I feel so lucky to have an amazing husband; he is a friend, partner, father, and the passionate love of my life. When I struggle hardest, however, it doesn’t look like the marriage I just described. I want to share his most helpful insight with all of you, here, because the sheer simplicity of it knocks my socks off. I should add to that sentence: “when I’m in a good place.” When I’m in a dark and scary place, I sometimes want to throw things when he does this.
He says, “I don’t understand, but I don’t need to.”
He says this when I call for help with the baby in that desperate tone, and then ask him with so much accusation in my voice, “What?! Why are you looking at me like that?” It’s an explanation, and it gives him a graceful exit, babe in arms.
This is helpful because in those desperate moments, I am usually feeling intense anxiety and often rage, and I need a safe space to let that pass. If it’s just me and the baby, then the baby goes in the playpen, while I wait for it to pass, sometimes just around the corner, where I can’t see him cry for me. It’s a lot easier to wait it out, though, when Daddy can distract our baby from my confusing disappearance with a game or a story or a toy.
In those moments, I long to be understood. I want it to be normal, not scary, something every parent feels. But it isn’t something every parent feels. It’s my illness. It is okay; feelings are not dangerous. Thoughts about doing something to release feelings of rage are not dangerous. Only actions are dangerous, and that’s not something we have to fear. My illness may drown me in feelings and thoughts until I feel like I’ll never get my head above water again, but I don’t act on them. My husband does not fear that I will act on them. We all know that we are safe.
When he says that he doesn’t understand, and he doesn’t need to understand, my husband is helping by making our family as comfortable as we can be, when my illness shows its ugliest side. In the moment, it releases us from talking about it. I have a hard time talking about these feelings after they have passed. I’m not in any shape to talk about them during the middle of it all. His words explain the look on his face, a look I used to interpret as disgust or fear. “The Look” happens because he doesn’t understand. Knowing that releases me from the fear that it means something bigger and uglier.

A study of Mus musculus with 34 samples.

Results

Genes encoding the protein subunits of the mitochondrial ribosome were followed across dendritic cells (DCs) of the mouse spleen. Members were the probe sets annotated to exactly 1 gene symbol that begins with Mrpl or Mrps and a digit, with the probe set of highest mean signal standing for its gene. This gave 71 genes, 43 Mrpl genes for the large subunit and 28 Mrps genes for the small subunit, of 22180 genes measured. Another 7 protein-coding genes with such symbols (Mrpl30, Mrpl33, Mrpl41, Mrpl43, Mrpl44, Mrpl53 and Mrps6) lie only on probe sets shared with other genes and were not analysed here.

So, why the second part? Why does he say that he doesn’t need to understand?
Partners, spouses, parents, grandparents: If they haven’t experienced the feelings that come with anxiety, depression, and postpartum rage, then they just don’t know what those things feel like. They can’t know, no matter how I try to explain it. I’m good with words; I’m a writer. I can’t make it happen any more than a writer can make me taste something I’ve never eaten. Everyone understands certain levels of anxiety, sadness, anger, etc., but that doesn’t make it any easier to understand why I need my child taken to another room, because I feel so full of rage that his touch upsets me, and his laughter sounds taunting.
There’s another level to this, and it’s something I’ve only very recently come to appreciate: In order to truly understand what I’m going through, my husband would have to feel these feelings. I wouldn’t wish them on a complete stranger, let alone my life partner and father of my child.
I have found a community of mothers who really understand this, through Postpartum Progress and #ppdchat on Twitter. I can go to my phone or computer any time of day or night and find someone who has been to this awful place. But when I call out for help with the baby, it is really nice to know that I’m going to get help from someone whose emotions run a more even course.
I am sure that we’d be okay if he did know these feelings, since dads do experience postpartum depression. The plus side of not my husband not understanding what I’m going through, though, is that I don’t have to worry that he’s going through the same thing.
I do not mean to imply that moms like me don’t need understanding, or that we can get everything we need from friends. This is not a phrase that I hear often, by any means. It’s not an excuse to avoid me or to avoid talking about feelings. My husband came up with this after years of talking about feelings, anxiety, my illness, then, after the baby was born last year, postpartum rage. I need my spouse to talk about feelings with me, his feelings and my feelings. My point is very specific: When fear and/or rage feel like they will overwhelm every molecule of my being, my husband is comfortable caring for our child, even though he sees the intensity of my mood but does not relate.
He doesn’t understand. He doesn’t need to understand. We need acceptance. He needs to accept that I feel something so intense, that I want our child to be in another room, if possible. I need to accept that these feelings have come, and that they will go. These are the words we use to communicate that that is happening. We make for a truly awesome team, especially during those moments.